PALM SUNDAY OF THE LORD'S PASSION
Behold, your king comes to you, meek and riding on an ass, and on a colt, the foal of a beast of burden.
The story of God revealed in Jesus has and continues to confound the world. As we enter into Holy week, I find it difficult to place myself in the immediate context of Jesus’s entrance into Jerusalem. My problem is that I know how it all ends, so I do not find myself convinced by the proclamation of the crowds that come out to greet him and announce, “This is Jesus the prophet, from Nazareth in Galilee.” In my own mind I know beforehand the role the crowd plays in the passion we read as today’s Gospel.
Certitude about how this story ends spoils all the remaining plot twists. The Romans are not kicked out of Palestine, Jesus dies, and then is raised from the dead. More importantly, certitude cuts against one of the major themes of the Gospels; God’s actions in our lives does not conform to our expectations or rules for how God should act in our lives.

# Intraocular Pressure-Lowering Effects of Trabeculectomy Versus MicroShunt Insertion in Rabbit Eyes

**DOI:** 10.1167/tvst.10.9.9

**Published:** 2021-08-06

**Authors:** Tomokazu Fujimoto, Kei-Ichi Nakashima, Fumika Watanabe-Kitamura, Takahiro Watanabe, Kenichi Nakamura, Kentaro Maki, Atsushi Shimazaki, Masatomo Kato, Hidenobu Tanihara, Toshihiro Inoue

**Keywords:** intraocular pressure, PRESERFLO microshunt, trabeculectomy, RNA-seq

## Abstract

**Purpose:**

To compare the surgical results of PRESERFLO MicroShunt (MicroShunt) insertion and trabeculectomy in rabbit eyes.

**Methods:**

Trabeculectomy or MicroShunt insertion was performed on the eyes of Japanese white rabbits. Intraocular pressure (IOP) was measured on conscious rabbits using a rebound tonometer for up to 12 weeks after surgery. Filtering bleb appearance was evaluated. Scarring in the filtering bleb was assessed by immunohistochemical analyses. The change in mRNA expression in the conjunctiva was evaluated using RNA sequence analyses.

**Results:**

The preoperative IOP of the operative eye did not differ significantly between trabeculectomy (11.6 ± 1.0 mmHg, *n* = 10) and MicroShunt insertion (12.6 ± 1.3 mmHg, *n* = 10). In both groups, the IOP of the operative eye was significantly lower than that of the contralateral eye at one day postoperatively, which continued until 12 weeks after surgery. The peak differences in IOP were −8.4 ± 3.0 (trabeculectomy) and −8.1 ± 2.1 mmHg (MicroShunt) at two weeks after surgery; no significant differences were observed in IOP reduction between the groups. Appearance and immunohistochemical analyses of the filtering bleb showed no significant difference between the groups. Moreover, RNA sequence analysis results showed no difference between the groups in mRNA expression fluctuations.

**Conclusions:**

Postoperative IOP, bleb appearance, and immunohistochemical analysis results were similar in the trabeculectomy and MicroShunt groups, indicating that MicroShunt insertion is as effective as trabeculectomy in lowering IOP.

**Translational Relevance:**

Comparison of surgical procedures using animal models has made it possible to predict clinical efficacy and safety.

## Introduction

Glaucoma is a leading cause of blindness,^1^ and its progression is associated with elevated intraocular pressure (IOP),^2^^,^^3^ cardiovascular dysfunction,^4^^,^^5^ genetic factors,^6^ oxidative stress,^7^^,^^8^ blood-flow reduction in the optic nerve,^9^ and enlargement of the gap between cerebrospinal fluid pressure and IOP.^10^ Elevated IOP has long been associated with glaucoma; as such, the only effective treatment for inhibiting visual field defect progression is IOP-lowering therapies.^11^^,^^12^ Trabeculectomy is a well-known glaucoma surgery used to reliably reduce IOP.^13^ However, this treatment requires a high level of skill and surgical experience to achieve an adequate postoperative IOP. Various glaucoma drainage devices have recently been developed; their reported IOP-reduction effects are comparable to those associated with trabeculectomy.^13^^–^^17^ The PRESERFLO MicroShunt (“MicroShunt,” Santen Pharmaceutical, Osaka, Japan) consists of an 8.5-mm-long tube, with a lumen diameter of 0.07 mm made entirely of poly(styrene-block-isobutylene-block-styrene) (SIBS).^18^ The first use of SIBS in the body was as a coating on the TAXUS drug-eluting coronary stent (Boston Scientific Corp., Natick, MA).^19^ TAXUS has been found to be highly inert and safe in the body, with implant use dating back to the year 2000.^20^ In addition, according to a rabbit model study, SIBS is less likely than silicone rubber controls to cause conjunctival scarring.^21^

That Jesus, “The Son of David” entered Jerusalem on a beast of burden confounds some human expectations. Instead of entering the city as a conqueror, as King David did, Jesus enters on an ass. The crowd tries to dress it up by cutting palms and throwing their cloaks before him – royal enough in a pinch. By the end of today’s Gospel there is no dressing it up. The Son of David is dead, unable to throw off the yoke of foreign conquerors and restore God's Justice among the people of Israel.
This is not how it was supposed to go. The Messiah – The Son of David was supposed to restore the good-ole days. God is not bound by our expectations and rules. I re-encounter this fact every Sunday, and especially during Easter when so many of our stories are contain this theme. The Son of David washing the disciples’ feet. Peter denying Jesus and going on to become the rock the Church is built on. The multiple renditions of Jesus’s death on the cross as a convicted criminal. The challenge is not to figure out how God is going to act, but being present to and recognizing God's Grace at work in our lives.
John Burke is the Campus Minister for Faith and Justice.